Boxwood blight harming Piedmont hedges


Boxwoods can be found in almost every neighborhood. They're green year-round and easy to maintain. Most of the time boxwoods are trimmed as hedges and line driveways and homes.

The fungus, called boxwood blight, popped up in Great Britain in the 1990s.

"And then into New York in the year 2000, and it's worked its way down as far south as North Carolina," said Scott Welborn, horticulture agent for Forsyth County. "The boxwood blight is 100 percent detrimental to boxwoods; it will kill them completely."

The boxwood blight has been found in the Buena Vista area of Winston-Salem, as well as in Surry County and in the mountains up to Virginia. The Buena Vista outbreak was contained, but experts fear that people bringing in new plants may restart the trend.

The tell-tale signs of boxwood blight are dark lesions on the leaves. Most of the time, it will turn the bottom half of the leaf completely brown.

"If you think you have it, look at the stems, because you'll see actually dark streaks in your stems," said Welborn.

The spores of the fungus are heavy and don't travel well through the air. Most of the time, they're spread by homeowners or landscapers who brush against the boxwoods.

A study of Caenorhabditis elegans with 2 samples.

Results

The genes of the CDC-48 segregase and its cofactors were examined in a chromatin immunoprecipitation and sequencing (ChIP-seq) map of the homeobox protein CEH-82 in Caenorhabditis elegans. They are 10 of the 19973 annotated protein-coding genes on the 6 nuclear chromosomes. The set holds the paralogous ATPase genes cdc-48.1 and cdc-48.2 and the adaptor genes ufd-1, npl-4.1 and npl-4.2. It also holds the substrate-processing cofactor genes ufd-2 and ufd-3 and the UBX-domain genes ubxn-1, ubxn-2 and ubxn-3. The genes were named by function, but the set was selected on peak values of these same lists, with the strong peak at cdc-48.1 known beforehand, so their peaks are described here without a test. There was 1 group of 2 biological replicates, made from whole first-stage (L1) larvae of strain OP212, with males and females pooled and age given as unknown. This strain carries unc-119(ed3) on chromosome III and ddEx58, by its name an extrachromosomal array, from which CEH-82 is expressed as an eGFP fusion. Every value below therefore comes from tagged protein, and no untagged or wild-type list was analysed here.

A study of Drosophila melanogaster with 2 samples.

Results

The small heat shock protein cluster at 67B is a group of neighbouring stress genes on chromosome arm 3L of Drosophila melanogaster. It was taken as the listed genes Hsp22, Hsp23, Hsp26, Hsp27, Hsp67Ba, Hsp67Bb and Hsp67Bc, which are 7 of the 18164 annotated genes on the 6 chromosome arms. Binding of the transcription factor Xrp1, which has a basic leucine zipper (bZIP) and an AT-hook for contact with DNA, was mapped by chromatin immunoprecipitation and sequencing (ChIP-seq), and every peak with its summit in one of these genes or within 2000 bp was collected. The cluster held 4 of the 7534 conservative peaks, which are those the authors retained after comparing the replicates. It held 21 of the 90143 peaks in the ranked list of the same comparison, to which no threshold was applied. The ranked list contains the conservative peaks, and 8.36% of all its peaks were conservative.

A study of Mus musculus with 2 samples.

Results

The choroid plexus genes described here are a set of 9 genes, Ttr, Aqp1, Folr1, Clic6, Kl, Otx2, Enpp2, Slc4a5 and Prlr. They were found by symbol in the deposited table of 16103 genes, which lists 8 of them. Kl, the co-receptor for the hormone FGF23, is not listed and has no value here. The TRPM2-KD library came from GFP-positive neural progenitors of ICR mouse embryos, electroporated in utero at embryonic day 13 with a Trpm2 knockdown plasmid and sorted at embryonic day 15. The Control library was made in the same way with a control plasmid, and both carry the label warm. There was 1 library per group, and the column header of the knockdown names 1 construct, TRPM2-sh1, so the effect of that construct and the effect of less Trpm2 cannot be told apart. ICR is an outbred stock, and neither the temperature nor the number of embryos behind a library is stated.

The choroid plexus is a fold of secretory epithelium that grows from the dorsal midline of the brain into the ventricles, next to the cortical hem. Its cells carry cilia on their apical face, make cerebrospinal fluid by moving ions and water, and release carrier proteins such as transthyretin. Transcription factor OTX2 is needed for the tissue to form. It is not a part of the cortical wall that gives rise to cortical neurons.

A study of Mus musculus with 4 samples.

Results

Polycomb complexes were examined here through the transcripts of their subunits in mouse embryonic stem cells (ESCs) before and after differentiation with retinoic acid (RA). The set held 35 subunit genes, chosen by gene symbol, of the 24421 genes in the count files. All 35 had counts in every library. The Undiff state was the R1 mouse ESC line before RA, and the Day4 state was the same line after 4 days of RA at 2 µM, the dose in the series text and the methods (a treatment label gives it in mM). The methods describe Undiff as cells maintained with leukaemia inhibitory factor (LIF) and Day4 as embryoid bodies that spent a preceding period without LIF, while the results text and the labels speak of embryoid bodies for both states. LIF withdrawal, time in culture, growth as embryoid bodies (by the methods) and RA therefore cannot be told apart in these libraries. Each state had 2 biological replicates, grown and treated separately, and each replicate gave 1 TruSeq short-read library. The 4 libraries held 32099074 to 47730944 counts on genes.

"If you have a confirmed problem, removal, burning, or burying the boxwoods is the only way to take care of it," said Welborn.

If you do come in contact with the boxwood blight, you're urged to wash your hands and clothes immediately.

You can protect your plants by spraying them with fungicide, which can be found at any home improvement store. It won't cure the plants, but can prevent them from getting the boxwood blight.

If you believe your plants may have boxwood blight, you can cut four stems off of the plants, about 6-8 inches long. Double bag and seal them, then bring them to the Forsyth County Cooperative Extension offices at 1450 Fairchild Road in Winston-Salem. The samples will then be sent to NC State for testing.

Experts say to dispose of the infected boxwoods do not mix them with other yard waste. The boxwood waste can be brought to the Hanes Mill Road Landfill, not the Overdale and Forum 52 yard waste facilities.